Lara, Elizabeth Teeter bring talents to “The Little Mermaid”
Lara Teeter grew up seeing his father, a Methodist minister, watching comedians like Dick Van Dyke and Red Skelton on television. This sparked Teeter’s interest in acting. His love for performing was solidified when he played the part of the Scarecrow in a school performance of “The Wizard of Oz” when he was 14.
“That’s what really kicked it off for me,” Teeter said. “From there, I was hooked.”
Teeter, a 56-year-old musical theatre professor, has been performing at The Muny for 22 summers. After earning a degree in theater from Oklahoma City University, Teeter moved to New York City and eventually to California. His run with The Muny began with an encounter with artistic director Paul Blake when the two were in California.
“I was in a dance studio there with my tap shoes in my hands and I came around a corner, and I literally bumped into this gentleman (Paul Blake),” Teeter said. “He stopped and said, ‘Why, you’re Lara Teeter.’ He had seen me perform in New York and was aware of my work as an actor, and he offered me a job on the spot. The truth is I’ve never auditioned for Paul Blake.”
Blake has been directing Muny productions ever since, with Teeter performing for the last 10 consecutive summers while also taking breaks to pursue other endeavors. This season was Blake’s last at The Muny. Performing at The Muny alongside Blake is a tradition that Teeter began 22 years ago, and has since passed on to his four young children.
“I feel like it’s very special for our family because I got to begin my time here with Paul and I get to be a part of Paul’s last season,” Teeter said. “But what’s more important is that he’s gotten to know my daughter and my family.”
Along with playing the lead in this summer’s rendition of “Bye Bye Birdie,” Teeter also played the part of Scuttle in “The Little Mermaid,” alongside his 9-year-old daughter, Elizabeth, who played Flounder. Elizabeth has performed at The Muny with her father for the past three summers.
“Elizabeth also has that ‘It’ factor,” Denny Reagan, Muny president and CEO said. “That girl is just incredible. She has this natural ability that takes other actors 30 or 40 years to figure out. In ‘The Little Mermaid’, [Elizabeth and Lara] had a scene together, and it was just great to see those two professionals, two generations, feeding off each other. It’s just in the gene pool.”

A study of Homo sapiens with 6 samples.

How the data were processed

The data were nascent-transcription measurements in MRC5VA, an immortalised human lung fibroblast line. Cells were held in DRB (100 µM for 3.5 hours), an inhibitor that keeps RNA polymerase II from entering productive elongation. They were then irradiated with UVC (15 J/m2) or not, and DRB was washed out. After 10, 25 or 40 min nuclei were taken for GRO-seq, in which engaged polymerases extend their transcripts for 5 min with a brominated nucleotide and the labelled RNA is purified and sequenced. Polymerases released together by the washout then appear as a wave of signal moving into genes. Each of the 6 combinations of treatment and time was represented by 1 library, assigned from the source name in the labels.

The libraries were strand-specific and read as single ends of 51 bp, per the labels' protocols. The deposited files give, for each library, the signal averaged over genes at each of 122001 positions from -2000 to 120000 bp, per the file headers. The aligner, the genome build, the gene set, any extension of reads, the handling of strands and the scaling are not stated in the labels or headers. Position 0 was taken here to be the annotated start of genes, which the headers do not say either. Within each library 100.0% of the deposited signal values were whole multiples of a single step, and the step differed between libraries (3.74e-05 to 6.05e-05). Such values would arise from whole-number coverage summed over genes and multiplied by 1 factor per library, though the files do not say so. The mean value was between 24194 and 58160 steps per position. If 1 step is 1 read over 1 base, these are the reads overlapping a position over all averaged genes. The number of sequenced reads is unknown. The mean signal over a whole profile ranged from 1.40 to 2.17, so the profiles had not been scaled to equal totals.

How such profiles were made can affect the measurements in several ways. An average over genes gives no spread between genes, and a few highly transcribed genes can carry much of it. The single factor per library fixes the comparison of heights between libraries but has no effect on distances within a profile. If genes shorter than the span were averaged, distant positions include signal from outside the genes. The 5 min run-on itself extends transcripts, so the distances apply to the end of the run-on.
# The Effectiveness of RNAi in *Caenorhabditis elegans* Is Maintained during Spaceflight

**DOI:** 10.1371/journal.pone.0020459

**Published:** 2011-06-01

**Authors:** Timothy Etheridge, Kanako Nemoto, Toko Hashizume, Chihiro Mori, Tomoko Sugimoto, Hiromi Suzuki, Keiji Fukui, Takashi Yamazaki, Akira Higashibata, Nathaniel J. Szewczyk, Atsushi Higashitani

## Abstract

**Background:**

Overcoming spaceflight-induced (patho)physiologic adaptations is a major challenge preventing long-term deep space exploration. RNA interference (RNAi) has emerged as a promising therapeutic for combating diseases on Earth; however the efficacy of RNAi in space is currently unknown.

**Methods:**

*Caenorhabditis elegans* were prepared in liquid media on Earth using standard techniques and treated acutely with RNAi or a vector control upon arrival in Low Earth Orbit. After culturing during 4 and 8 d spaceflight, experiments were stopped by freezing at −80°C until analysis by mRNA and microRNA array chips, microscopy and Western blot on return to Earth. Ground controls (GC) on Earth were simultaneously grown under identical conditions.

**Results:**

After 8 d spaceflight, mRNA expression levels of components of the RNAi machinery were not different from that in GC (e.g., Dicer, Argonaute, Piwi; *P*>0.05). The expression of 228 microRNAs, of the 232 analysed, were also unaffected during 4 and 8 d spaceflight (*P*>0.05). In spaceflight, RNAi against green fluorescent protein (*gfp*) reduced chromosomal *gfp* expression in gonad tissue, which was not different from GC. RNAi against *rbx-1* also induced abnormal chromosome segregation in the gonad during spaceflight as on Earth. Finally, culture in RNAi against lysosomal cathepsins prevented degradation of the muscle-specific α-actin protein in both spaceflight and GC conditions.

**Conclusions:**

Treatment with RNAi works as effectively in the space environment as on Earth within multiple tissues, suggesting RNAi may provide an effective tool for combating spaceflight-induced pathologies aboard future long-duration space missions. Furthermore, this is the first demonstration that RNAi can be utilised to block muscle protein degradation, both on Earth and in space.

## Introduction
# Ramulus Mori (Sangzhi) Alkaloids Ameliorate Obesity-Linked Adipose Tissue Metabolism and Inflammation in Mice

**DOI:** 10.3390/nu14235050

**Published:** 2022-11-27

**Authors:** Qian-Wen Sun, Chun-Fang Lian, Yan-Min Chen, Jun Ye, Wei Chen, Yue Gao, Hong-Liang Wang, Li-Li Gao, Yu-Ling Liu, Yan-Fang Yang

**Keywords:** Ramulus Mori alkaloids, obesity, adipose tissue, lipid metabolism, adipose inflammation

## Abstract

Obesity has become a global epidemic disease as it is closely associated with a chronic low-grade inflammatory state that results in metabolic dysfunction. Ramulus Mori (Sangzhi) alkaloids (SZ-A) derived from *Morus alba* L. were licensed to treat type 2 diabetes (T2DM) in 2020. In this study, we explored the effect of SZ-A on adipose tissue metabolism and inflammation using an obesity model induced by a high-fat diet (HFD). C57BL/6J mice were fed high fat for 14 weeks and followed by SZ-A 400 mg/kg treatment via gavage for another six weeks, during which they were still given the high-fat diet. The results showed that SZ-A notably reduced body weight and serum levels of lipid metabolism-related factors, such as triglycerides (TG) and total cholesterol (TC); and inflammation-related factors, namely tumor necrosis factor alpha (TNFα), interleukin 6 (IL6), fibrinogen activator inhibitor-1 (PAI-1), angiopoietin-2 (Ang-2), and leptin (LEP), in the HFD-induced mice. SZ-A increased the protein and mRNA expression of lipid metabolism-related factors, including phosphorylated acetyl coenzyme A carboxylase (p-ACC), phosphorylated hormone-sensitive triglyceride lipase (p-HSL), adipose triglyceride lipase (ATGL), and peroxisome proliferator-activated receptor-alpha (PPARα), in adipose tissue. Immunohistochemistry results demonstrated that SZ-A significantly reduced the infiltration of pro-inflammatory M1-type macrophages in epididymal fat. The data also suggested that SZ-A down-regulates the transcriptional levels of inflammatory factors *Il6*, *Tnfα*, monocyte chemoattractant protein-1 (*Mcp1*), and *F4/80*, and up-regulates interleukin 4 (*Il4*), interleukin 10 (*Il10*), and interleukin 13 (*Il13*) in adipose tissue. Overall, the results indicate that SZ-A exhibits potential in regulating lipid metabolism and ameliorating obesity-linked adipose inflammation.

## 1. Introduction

Elizabeth’s twin brother Charlie also performed in “The Beauty and the Beast” last summer with Elizabeth and their father. Teeter’s other two children, Katherine, 5, and Maggie, 2, are awaiting their chance to perform.
“I can’t wait to see Katherine perform,” Reagan said. “She has the talent just like her sister. She’s like a race horse, just waiting to come out of the gates.”
Having an adjunct theater staff is an aspect that Teeter feels sets Webster apart from other universities.
“At Webster, I teach it. At the Muny, I do it,” Teeter said. “I think that’s what is really great about the faculty as a whole in the Conservatory is that every one of us in the performance faculty, we actually practice what we preach. We actually work professionally in the theater. I think that’s a real plus and it’s one of the reasons we attract such phenomenal students on a national level.”
Now that Teeter has a family and a career in St. Louis, he is not looking to travel for work. He feels fortunate to have The Muny close to home.
Other faculty members at Webster, including Gary Glasgow and Steve Schenkel, also performed at the Muny in the summer. Glasgow is a fellow actor, and Schenkel plays guitar in the orchestra.
“Gary is at the center of our performance faculty,” Teeter said. “He is the perfect balance between scholarship and performance, discipline and practice. And, even though we don’t really cross paths much at Webster, I can always count on a thumbs up from Steve when we gesture to the orchestra for their bow at the end of each Muny performance.”
For Teeter, being able to teach musical theater professionally is still something relatively new. He thinks of himself as only the second generation of musical theater teachers, because when he was in college only two schools were offering the major. However, Teeter is eager to see the program grow.
“It’s very exciting to be part of such a wonderful tradition,” Teeter said.